Smart technology is transforming the events industry, making planning easier and events more exciting – even for small businesses. George Sirius, CEO of Eventsforce, explains in an interview with events and meetings guide, EventFULL, how organisations can use technology to engage with attendees and why real-time feedback is changing the way we run events.
“Only a few years ago, the idea of speaking into a device and it carrying out your commands was nothing more than science fiction. But the rapid development of technology has seen products such as Google Home – a voice-activated speaker powered by the voice-activated Alexa – hit the consumer market. And these devices may be about to change the events industry for good.”
He explains how recent advances in technology have already dramatically changed the way we plan and run events:
“Organising an event is a logistical nightmare and one of the biggest developments is software to assist with tasks such as registration and email responses. The second is around the collection and analysis of data. There’s lots of data that can be analysed to better understand an event – the demographics, attendance levels, feedback and so on – and there is now software that can help do all that effectively.”
Another application of real-time technology tools are on-site apps. Knowing exactly who turned up at your event and what sessions they attended is something every event planner wants to know. The information helps figure out popular topics and sessions. It also helps profile attendees.
“Real-time tools like the Eventsforce on-site app are allowing event organisers to have instant access to this kind of information at the event itself, which can be incredibly useful. So, the app can tell you how 30 people have already checked-in to one of your sessions and that another 10 are expected to show up. It also shows that the room capacity for that particular session is 50 people. You can use all this information to encourage more people to attend the session by promoting it through digital signage, social media or direct notifications though the event app.”
Event planners are also using technology to engage with attendees in different ways. Event personalisation, says Sirius, is a hugely exciting development. Data capture tools – from event registration systems and RFID to online surveys and event apps – are helping organisations collect valuable information on their attendees which can be analysed to create more powerful and customised event experiences.
“It’s great because it’s a way of showing attendees the aspects of the event that are relevant to them, whether that’s sessions that may be of particular interest to them or specific attendees they may be keen to meet.”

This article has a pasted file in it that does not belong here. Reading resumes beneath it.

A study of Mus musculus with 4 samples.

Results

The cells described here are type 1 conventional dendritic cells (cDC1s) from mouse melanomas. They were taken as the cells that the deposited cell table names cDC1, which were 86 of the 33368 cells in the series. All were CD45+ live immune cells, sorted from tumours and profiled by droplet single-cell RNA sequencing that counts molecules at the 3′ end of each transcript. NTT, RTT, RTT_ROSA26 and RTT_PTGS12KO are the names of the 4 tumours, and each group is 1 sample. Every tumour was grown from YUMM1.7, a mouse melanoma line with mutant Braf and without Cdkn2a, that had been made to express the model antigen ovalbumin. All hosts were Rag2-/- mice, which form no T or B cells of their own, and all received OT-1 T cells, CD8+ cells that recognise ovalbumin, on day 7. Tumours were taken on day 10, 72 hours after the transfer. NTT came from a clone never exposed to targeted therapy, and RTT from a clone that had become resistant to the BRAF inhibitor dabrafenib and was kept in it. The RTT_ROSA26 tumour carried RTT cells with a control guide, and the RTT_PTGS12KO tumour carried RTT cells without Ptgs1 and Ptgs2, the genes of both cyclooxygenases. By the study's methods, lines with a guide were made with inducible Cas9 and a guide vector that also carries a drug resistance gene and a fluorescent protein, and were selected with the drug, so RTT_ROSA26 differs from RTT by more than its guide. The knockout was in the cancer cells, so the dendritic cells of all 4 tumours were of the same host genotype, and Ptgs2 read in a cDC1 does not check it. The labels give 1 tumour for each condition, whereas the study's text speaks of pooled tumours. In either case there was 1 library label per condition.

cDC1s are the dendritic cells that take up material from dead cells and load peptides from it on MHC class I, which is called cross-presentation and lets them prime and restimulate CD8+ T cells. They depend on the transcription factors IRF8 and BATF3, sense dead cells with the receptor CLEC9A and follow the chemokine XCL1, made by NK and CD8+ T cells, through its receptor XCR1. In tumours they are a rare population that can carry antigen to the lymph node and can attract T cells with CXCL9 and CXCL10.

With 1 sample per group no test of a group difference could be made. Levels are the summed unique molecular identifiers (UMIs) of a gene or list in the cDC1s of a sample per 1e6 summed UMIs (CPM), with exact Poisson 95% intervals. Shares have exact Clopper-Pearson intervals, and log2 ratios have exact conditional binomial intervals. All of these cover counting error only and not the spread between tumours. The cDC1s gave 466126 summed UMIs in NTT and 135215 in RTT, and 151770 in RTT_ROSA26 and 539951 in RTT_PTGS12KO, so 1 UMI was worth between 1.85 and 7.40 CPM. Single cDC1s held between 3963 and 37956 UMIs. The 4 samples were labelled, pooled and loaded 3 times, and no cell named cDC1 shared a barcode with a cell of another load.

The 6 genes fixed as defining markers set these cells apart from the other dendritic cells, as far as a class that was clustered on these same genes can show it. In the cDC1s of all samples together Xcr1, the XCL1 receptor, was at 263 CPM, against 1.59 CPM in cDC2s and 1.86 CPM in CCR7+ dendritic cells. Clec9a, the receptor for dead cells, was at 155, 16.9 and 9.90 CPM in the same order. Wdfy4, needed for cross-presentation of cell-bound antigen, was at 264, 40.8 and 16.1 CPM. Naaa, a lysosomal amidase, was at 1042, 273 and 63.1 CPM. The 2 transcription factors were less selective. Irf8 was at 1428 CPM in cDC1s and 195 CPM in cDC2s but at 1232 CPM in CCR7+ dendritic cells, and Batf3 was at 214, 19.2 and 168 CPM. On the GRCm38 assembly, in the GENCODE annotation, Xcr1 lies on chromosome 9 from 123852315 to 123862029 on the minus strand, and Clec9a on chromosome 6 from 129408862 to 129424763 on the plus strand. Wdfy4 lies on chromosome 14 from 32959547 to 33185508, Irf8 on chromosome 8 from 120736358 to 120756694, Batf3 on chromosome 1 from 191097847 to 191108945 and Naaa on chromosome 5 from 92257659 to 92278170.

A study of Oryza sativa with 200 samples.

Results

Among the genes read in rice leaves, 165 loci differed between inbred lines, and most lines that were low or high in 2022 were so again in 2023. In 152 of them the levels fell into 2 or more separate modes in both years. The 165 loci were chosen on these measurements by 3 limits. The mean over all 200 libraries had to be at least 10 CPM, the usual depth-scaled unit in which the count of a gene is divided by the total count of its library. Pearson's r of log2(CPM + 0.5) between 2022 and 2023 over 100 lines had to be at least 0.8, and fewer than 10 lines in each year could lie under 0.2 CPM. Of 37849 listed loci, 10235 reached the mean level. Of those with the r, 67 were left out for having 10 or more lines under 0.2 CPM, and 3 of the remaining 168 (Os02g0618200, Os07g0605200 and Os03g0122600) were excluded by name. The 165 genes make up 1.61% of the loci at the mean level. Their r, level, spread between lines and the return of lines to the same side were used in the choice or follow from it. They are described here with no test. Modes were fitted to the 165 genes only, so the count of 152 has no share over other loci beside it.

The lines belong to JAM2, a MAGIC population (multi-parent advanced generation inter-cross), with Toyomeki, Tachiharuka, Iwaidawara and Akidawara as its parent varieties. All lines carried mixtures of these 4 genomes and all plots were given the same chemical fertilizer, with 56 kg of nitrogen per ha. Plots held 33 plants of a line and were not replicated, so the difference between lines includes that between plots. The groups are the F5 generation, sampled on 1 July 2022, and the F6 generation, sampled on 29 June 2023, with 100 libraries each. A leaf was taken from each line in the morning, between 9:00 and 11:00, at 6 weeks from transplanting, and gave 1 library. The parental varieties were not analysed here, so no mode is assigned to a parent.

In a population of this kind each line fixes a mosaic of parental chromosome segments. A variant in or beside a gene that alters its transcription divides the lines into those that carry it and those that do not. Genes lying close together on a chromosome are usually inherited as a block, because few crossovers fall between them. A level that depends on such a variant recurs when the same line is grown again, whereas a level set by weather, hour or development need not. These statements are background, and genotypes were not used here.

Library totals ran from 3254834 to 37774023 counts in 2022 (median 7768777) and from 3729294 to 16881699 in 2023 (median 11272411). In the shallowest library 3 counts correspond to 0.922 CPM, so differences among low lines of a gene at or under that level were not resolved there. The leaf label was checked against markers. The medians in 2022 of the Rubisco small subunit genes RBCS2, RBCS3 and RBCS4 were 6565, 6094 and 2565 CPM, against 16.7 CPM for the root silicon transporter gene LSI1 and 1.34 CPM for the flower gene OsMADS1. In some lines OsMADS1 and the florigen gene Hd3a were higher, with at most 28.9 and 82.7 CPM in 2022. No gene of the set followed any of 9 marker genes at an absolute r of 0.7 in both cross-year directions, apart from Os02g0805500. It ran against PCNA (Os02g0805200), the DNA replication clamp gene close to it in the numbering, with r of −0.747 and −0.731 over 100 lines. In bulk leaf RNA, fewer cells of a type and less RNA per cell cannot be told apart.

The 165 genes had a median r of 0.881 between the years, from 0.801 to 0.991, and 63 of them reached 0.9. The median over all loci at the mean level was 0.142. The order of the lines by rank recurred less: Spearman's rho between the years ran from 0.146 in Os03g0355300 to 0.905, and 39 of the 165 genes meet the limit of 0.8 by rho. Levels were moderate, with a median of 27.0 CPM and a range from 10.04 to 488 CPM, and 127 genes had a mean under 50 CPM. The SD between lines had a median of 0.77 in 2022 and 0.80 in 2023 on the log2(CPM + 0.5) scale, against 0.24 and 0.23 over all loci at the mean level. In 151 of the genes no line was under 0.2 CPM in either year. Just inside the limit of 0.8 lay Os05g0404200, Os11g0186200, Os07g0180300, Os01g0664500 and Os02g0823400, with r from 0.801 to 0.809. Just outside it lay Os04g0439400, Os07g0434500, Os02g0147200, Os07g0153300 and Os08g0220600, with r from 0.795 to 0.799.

Take the registration process, as an example. You can use the data in the system to collate a report on all the delegates attending a particular session at an event. You may share this list with all the other delegates attending that session to facilitate networking opportunities that are relevant to them. You can break it down by company type, interests and goals and share the list with your session speaker. He or she can then use this information to tweak the content of their presentation or personalise it with content or examples that are more relevant to the audience.
“Personalised experiences like this are becoming more and more popular in our industry with attendees increasingly expecting both the communication about an event and the live experience to be tailored to them in some way. Technology makes this level of personalisation possible, which drives loyalty and makes events a lot more successful.”
But what about the cost? For smaller firms, it’s about understanding the value of a long-term investment.
“Don’t try and buy everything that’s on offer. Work out exactly what you need for your business. Event planners, especially in smaller organisations, are bombarded with all kinds of technology solutions. Figure out why you want the technology and then find a technology partner that can help you implement it – someone who understands how the technology can support your business and can work alongside you through the whole process.”
Looking to the future, Sirius is excited about the impact of drones on events.
“It’s going to be interesting to see how they will get used at events. Think about having the ability to track where people move in an exhibition area or trade show. Or having the ability to broadcast live all the things happening on the show floor. It’s very exciting.”